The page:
Every January I take time to reevaluate my life and purpose. Last year I made the decision to be a full-time writer. Conveniently, my boyfriend’s purpose is always to have an actual, paying job, and support the both of us while I am all artistic and bloggy. All great, right? Fast forward to July, Nemanja quits his job, I have no job to quit, car gets sold, bags packed and one-way tickets to Vietnam in our hands. What happened in between is the story of why I stopped everything and left for Vietnam.
How did we come to this?
In February, it became obvious that just making the decision to write doesn’t mean everything would fall into place in a matter of days. Finding paying writing jobs, in English, as a Serbian, living in Serbia, with no ‘real’ experience was disappointing to the point of being painful. Add to it the Serbian pressure of reaching the age of 25 and still not planning the wedding, being pregnant, buying a shitty apartment on a credit which your children would end up paying off 60 years from now, and you get one pressured, depressed, stress-eating, unemployed writer – Meeeee!
As we reached March, both Nemanja and I were caught in a funk of pressure, and as always, nothing working out. When you are a kid in Serbia, you are still promised that if you study hard and get great grades, choose a fine University, graduate, maybe get your Masters, you would go on to getting a great paying job, and your life is set for the next 50 years. Unfortunately, most of our parents and all of our grandparents still live with rose-colored glasses of Communism on, and with Tito alive in their minds. We, the children, do not live in their world.
Nothing is guaranteed. With a Masters degree you are most likely overqualified. With an education and 2 foreign languages you can work a couple of months for no pay, or the Serbian bare minimum of less than 200e. I’ve seen it happen too many times. Friends choosing what others think is best for them, taking the job because any is better than none. Waking up 2 years later, feeling they’ve thrown their youth away. As many, I was starting to crack under pressure. Maybe any job really is better than no job at all? Maybe I am not meant for great things? I can be a writer in my spare time, right? I’ll just write a diary?
April comes. Talk about being caught between a rock and a hard place! On one side, the sign on the corner bakery calling me “Help Needed”, and on the other, our families. Every single waking moment of freedom spent in the car, going from one home to another, being judged by random aunts and uncles whom you can’t avoid with staring at your phone or crossing the street – those eagle eyed bastards! Hahaha. And the questions, and the checking up, and “How are you not having meat for lunch?” Why are you wasting time seeing shows and plays?” “When are you moving back home?” “Are you looking for a real job? What should I tell people you do when they ask me?”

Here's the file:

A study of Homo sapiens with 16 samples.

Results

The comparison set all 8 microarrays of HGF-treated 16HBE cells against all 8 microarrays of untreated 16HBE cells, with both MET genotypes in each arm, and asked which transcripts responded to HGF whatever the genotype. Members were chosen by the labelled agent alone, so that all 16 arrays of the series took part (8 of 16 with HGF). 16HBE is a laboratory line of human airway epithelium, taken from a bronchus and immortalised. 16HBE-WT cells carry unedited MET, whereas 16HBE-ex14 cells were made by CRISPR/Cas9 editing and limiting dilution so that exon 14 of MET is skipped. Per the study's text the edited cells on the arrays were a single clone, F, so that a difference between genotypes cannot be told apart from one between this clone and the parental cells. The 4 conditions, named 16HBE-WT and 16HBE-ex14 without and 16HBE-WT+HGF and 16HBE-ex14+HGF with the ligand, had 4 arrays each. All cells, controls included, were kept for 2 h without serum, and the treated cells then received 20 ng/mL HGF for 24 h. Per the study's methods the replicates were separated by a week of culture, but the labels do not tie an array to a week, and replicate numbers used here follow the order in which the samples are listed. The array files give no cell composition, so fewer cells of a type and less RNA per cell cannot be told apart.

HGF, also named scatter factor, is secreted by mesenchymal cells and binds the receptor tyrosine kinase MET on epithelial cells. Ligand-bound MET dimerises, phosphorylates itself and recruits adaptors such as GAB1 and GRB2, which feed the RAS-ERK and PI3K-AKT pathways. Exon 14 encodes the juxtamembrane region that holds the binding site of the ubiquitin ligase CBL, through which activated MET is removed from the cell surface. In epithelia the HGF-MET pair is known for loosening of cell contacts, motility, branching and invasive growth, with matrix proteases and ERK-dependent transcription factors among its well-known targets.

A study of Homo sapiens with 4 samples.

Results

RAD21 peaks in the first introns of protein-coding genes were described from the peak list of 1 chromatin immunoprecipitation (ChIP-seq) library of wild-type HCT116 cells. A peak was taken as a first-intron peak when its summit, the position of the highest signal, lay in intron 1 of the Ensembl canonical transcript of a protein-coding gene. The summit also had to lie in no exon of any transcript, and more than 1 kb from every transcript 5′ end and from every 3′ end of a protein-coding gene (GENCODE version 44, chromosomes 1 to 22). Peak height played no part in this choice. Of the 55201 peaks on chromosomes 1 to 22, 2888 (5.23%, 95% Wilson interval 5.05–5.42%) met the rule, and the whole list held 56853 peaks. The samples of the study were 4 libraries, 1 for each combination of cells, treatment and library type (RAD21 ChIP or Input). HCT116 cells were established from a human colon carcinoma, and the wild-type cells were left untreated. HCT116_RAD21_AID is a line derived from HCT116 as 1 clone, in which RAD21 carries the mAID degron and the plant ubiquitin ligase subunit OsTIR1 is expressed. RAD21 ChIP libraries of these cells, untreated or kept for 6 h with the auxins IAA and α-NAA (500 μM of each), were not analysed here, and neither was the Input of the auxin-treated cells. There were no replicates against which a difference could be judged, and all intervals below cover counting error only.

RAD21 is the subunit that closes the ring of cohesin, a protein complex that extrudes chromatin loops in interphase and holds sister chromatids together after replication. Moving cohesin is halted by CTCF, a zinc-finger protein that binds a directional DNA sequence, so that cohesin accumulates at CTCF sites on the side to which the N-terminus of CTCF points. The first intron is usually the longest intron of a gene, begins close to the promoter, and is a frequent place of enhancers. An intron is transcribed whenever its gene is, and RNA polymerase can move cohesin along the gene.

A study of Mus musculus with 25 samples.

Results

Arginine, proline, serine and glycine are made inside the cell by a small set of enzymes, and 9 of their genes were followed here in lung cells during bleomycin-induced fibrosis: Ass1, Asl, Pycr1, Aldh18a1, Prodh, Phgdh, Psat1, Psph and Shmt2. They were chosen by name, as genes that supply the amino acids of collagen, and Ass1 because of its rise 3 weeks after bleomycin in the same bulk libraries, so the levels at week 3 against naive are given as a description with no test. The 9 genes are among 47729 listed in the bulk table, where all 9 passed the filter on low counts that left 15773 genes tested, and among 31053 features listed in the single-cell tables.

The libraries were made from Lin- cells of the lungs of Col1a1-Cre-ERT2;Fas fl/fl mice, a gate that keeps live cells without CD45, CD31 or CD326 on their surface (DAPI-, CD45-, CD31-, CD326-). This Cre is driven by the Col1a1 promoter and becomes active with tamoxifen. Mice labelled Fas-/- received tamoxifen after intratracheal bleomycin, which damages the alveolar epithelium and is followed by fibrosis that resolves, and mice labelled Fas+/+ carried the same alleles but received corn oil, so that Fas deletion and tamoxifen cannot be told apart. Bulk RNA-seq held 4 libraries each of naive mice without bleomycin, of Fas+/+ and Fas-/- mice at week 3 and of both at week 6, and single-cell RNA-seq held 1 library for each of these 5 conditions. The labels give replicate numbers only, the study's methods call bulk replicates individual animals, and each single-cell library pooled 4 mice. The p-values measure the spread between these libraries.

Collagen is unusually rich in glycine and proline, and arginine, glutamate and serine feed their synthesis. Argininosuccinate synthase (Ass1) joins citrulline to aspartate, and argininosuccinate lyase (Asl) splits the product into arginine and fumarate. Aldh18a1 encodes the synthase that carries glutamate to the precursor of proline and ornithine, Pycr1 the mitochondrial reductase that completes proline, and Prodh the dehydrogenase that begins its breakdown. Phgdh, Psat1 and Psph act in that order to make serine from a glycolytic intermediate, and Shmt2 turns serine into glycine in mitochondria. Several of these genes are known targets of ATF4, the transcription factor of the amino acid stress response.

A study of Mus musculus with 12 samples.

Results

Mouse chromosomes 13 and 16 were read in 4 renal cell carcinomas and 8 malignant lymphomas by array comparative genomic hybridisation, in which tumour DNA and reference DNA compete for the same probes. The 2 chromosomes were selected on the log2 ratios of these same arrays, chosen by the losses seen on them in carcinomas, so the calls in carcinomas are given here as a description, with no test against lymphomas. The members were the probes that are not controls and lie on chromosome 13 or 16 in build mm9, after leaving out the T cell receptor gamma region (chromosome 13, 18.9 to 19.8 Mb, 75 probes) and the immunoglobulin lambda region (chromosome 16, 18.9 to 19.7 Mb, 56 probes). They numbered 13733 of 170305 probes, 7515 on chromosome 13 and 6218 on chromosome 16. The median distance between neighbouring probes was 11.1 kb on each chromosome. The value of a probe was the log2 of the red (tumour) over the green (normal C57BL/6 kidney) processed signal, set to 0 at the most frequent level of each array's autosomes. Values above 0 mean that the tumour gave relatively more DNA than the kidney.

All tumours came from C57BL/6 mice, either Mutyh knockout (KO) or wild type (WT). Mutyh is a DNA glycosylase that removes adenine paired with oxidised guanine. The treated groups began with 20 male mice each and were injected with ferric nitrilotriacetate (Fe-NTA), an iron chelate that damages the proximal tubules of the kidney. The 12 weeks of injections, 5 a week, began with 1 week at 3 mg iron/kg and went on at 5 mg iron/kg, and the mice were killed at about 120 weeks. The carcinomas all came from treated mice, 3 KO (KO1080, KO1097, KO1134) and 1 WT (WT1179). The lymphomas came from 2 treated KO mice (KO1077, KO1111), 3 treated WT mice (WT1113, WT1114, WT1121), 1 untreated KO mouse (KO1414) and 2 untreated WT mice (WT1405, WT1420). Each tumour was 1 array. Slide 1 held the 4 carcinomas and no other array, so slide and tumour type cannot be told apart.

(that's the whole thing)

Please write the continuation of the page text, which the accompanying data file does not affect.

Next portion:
How did we pause our lives?
Courage – the key to all things in life. Loving, which is the essence of our existence, is the most courageous of things. This here, this is a love story of how you should love yourself. Nemanja and I realized that loving each other was not enough, if we weren’t happy and fulfilled as individuals first. Sadly, our lives did not allow for quiet and time to think and contemplate, so we had to run away. Nemanja quit his job, which we timed perfectly with leaving our dump/apartment in Belgrade. Within two weeks, we moved out, went back home, sold the car, bought one-way tickets, packed, and braced ourselves for dealing with the world.
We were spending the only money we had, and it wasn’t much, and we did not know when we would earn again, but desperation often fuels creation, and in our case, action. There is no doubt we were lucky, having a car to sell, knowing that when we came back with nothing (materially speaking), we would still have a home, but we were also very unlucky. I guess that 25 years of going against the grain, constantly fighting for every little thing you want to do differently, really takes a toll. Yes, growing up with little to no support (mostly moral and emotional) made us stronger, eventually, but living without it was at moments brutal.
As you may know, I am the biggest fan of Top Gear/ Grand Tour, right after my boyfriend. Partly, they are responsible for us being together, travelling and being happy. The Universe has always made it so that every single best day of my life had two things, Nemanja and Them. I already wrote about their magic and my love for what they do as The Three Wise Men. In general, I have never given much thought to Vietnam, or Southeast Asia altogether, outside of my primary school geography classes. However, when Top Gear went to Vietnam and filmed the special, it immediately became one of my favourite episodes ever, as the film managed to capture their essence. I like to believe they are changing the world. So, when the question of where came up, with such a huge number of people flooding Thailand, Bali, and surrounding countries, there was no choice whatsoever, as our destiny was in Vietnam.
Enters the ever-loving family.
My father wants to know why we don’t spend our money on a 10-day stay at a resort somewhere close, in the Balkans. Nemanja’s parents are questioning the possibility of life without a car. And for the best of things, Nemanja’s grandmother is worried about Kim Jong Un firing a nuclear missile at the US, missing, and hitting Vietnam. Classic grandmother.
What were our expectations?
I searched for spirituality. I needed the inner peace mixed with the external chaos. I wanted originality, unique tastes, cultures, traditions, different faces, sights and more than everything, distance from my ‘real life’. We wanted things to come easy, for once.
Did we get what we expected?
And what happened after we left for Vietnam?
Stay tuned to find out!
Have you ever had the desire to just run away?? Where would you go?